Overheated Rivers put Migrating Fish on Back Burnerby Eric Barker
Lewiston Tribune, August 16, 2001
Temperatures in the Snake River this week have climbed to dangerous levels for salmon and steelhead, causing previously brisk steelhead passage at some lower Snake River dams to slow to a crawl.
Hot weather in the region has pushed water temperatures in Snake River reservoirs into the mid-70's. Temperatures higher than 70 degrees are considered sub-lethal to salmon and steelhead, meaning prolonged exposure puts the fish at risk of death from stress and disease.
"It just increases susceptibility to the large number of things that could happen that we term prespawn mortality," said Sharon Kiefer, anadromous fish coordinator for the Idaho Department of Fish and Game at Lewiston.
At Lower Granite Dam, about 35 miles west of Clarkston, water temperature reached 76 degrees Wednesday and just 12 steelhead were counted climbing the fish ladder there. The passage slowdown comes at a time when biologists are expecting an exceptionally large return of steelhead to the Snake River.
Last week fisheries officials said as many as 200,000 steelhead could return this summer and fall but Kiefer cautioned Wednesday that an ongoing heatwave could shrink that number. She also said, with more than 370,000 steelhead already past Bonneville Dam on the Columbia River, the steelhead run to the Snake River is still expected to be quite large.
"Things are still shaping up such that we would still predict at least 100,000 fish," she said. "Two hundred thousand is still possible, but if you asked me today, that is not the forecast I would put on the table."
If temperatures moderate and the large run does materialize, the department could recommend raising the daily bag limit on steelhead this fall, Kiefer said.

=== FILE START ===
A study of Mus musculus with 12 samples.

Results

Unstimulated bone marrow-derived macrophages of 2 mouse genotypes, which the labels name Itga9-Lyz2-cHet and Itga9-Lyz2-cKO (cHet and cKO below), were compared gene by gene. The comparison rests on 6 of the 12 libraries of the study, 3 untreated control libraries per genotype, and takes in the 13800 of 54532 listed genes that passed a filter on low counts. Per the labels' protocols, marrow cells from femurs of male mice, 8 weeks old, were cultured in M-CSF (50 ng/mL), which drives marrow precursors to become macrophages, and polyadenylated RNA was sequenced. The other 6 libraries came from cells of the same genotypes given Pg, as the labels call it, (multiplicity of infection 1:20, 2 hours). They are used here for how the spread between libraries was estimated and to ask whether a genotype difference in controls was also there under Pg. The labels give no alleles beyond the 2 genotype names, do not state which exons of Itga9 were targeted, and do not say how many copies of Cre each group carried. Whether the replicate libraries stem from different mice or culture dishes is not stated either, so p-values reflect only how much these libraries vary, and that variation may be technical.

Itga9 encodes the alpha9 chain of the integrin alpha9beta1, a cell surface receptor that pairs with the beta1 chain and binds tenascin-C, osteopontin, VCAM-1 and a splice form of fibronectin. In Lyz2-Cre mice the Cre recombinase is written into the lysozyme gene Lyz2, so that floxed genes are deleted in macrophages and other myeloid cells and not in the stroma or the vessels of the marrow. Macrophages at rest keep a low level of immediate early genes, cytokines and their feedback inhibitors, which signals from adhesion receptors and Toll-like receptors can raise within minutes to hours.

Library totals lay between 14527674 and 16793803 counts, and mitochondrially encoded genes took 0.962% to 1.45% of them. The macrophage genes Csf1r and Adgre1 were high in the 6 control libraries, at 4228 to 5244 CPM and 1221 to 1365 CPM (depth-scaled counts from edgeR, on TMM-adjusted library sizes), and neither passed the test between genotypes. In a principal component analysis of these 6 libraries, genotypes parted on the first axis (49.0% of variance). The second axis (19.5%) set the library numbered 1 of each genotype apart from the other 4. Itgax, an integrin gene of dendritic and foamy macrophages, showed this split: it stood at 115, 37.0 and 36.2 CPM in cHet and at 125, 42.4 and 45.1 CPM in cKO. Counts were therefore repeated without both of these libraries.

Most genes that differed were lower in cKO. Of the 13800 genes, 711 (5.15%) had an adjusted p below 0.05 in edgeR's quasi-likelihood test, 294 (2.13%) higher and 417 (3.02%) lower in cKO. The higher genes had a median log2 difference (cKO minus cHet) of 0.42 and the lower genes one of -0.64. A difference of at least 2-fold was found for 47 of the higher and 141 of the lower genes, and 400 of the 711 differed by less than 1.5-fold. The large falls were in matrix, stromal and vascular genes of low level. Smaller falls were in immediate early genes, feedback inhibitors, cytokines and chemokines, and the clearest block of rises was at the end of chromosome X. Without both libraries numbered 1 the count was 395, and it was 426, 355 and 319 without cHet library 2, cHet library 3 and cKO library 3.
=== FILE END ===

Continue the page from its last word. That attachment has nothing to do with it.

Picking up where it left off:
Right now biologists and anglers are at the mercy of mother nature.
"There is not a lot we can do at this point in time except hope for moderation in the weather," Kiefer said.
Steelhead have continued to move into the Snake River from the Columbia in large numbers but passage up the Snake has slowed. On Tuesday more than 1,100 steelhead were counted at Ice Harbor Dam, the first on the Snake River, and 1,268 at Lower Monumental. In contrast, only 35 steelhead were counted at Little Goose Dam, about 73 miles west of Clarkston, and 12 at Lower Granite.
Dworshak reservoir has been releasing about 10,000 cubic feet per second of 48-degree water since July 4 to help cool the Snake River. The U.S. Army Corps of Engineers is scheduled to begin ramping down outflows at Dworshak Aug. 26 and reach minimum flows Aug. 31.
When that happens, a thermal block could develop at the mouth of the Snake River if the hot weather pattern continues, according to Steve Pettit, a fish passage specialist at the Idaho Department of Fish and Game in Lewiston.
A thermal block occurs when the Snake River is 7 degrees or more warmer than the Columbia, making the fish reluctant to enter the warmer water.
He is worried that temperatures in the Lower Columbia River also could rise high enough to slow fish passage.